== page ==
For political nerds and tragics the 2020 election was about as boring as it could get with no race to be seen and an inevitable landslide victory for Labour. Monday night’s polls show 2023 will be a return to MMP – a race down to the wire and the result determined by coalition talks.

There is nothing more exciting nine months from an election than having absolutely no idea who will be in government at the end of the vote counting.

Monday night’s double-poll delight has taken the wind out of National’s pre-Christmas sails, where Christopher Luxon’s party with ACT were able to comfortably govern on the results of both the 1News-Kantar Public poll and Newshub Reid Research’s.

Latest numbers, just a week after Chris Hipkins was announced the new Labour Party leader and Prime Minister, has the governing party back in the race, up five points in both polls to 38 percentage points while National is down to 37.

On Monday’s numbers National has two more seats than Labour but neither can govern with their respective partners, ACT and the Greens.

If Te Pāti Māori were to swing in behind Labour and the Greens, it would give the centre-left bloc the two seats it needs to be neck and neck with National and ACT.

But, it would still be a hung Parliament with both blocs securing just 60 seats – one short on the 61 needed to form a government.

They are nightmare polls for forming a government but dream results for Labour and its new leader after it continued to lose support steadily over the course of last year under Jacinda Ardern.

It seems Kiwis are yet to connect with the Luxon brand and are now more trusting of Hipkins despite him only being in the job five minutes.

The polls not only capture Hipkins’ early days in the job, but in the case of 1News it also takes into account his handling of Auckland’s state of emergency flooding at the weekend with polling not closing until Sunday night.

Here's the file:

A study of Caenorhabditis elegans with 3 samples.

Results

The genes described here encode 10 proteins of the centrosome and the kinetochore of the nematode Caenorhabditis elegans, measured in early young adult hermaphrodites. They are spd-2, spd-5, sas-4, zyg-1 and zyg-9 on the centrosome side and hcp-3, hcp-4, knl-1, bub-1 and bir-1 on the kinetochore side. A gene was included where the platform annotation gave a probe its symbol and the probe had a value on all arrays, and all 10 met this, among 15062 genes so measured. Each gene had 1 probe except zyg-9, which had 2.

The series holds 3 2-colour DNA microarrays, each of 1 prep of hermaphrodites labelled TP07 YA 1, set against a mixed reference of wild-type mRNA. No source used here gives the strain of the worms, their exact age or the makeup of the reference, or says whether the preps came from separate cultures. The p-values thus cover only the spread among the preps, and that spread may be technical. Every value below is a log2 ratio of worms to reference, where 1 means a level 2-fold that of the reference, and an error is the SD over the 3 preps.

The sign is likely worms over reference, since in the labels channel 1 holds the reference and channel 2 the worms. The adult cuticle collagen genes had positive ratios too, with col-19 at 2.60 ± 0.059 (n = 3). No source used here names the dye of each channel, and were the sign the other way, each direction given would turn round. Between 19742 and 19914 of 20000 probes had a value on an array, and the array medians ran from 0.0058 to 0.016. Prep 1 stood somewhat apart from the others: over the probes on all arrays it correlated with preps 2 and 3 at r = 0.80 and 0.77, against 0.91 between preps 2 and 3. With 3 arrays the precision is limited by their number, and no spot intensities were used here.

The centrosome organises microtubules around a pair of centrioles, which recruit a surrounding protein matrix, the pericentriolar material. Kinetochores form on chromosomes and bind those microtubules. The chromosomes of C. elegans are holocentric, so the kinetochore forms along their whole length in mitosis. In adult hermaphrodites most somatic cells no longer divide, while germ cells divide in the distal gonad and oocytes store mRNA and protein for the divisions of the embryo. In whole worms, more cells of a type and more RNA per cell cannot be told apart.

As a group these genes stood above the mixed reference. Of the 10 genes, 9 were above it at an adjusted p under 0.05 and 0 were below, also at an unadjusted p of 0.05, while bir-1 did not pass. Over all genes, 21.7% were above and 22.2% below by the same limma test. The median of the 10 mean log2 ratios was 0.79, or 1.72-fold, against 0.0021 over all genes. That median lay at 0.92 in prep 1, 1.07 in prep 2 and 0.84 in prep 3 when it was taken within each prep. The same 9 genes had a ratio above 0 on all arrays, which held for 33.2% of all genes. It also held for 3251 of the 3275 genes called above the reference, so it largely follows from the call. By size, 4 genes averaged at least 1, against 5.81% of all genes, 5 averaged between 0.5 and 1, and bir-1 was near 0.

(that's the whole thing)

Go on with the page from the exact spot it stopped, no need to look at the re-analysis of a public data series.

Hipkins being on the ground in Auckland as quickly as flights allowed was an important first step.

While the city’s Mayor, Wayne Brown, is taking a hammering for his handling of the response in the first hours, Hipkins had the advantage of having a bit more time to get his response sorted, given the initial flooding was squarely in the domain of local government.

Hipkins knows the ins and outs of a crisis having been at the forefront of the Covid-19 pandemic response and while the over-exposure of Ardern started to negatively impact the then-prime minister, for the most part Hipkins seems to be seen as a safe pair of hands and someone with his head screwed on to make tough decisions under pressure.

While National will be disappointed to lose its leading spot in the polls, the bigger concern for the Opposition is Hipkins beating Luxon in the preferred Prime Minister polling, approval ratings, and on the matter of trust in leadership.

While 52.9 percent said they trusted Hipkins, just 36.9 percent said the same for Luxon in the Newshub poll.

Likewise, when it came to approval ratings in the 1News poll, Hipkins had an approval of 46 percent and disapproval of 10 percent while Luxon’s approval was 42 percent, and his disapproval was only slightly behind on 34 percent.

Heading into the summer break, Luxon already knew he needed to work on his personal polling after Ardern continued to beat him in the preferred Prime Minister stakes despite Labour’s party polling slipping.

It seems Kiwis are yet to connect with the Luxon brand and are now more trusting of Hipkins despite him only being in the job five minutes.

Te Pāti Māori is very much lining itself up to be the deciding factor come election day on October 14 and Labour may have helped it out already with Speaker Adrian Rurawhe announcing he’s not contesting the Māori seat of Te Tai Hauāuru.

With no incumbent MP, the seat is opened wide up and Te Pāti Māori co-leader Debbie Ngarewa-Packer has been putting in the hard yards in the electorate the past two years.

Te Pāti Māori looks set to be in the position of deciding who is in power after October 14 and for both Labour and National that might mean a significant shift in policy from where they are today.

National’s promise to scrap Three Waters and the Māori Health Authority in particular have not sat well with Te Pāti Māori, nor has the Opposition’s determination to push co-governance as separatism. And its partnership with ACT is even more unhelpful if it comes to trying to form a coalition with the two parties.

While Labour is arguably in the easier position, given it already holds six of the seven Māori seats, it knows too well how easily that electorate can disappear if taken for granted.

With Hipkins set to make some tough decisions on co-governance and water rights, doing a u-turn to appease disgruntled swing voters now has to be balanced against the possibility of it costing Labour a third term.

Jo Moir is Newsroom's political editor.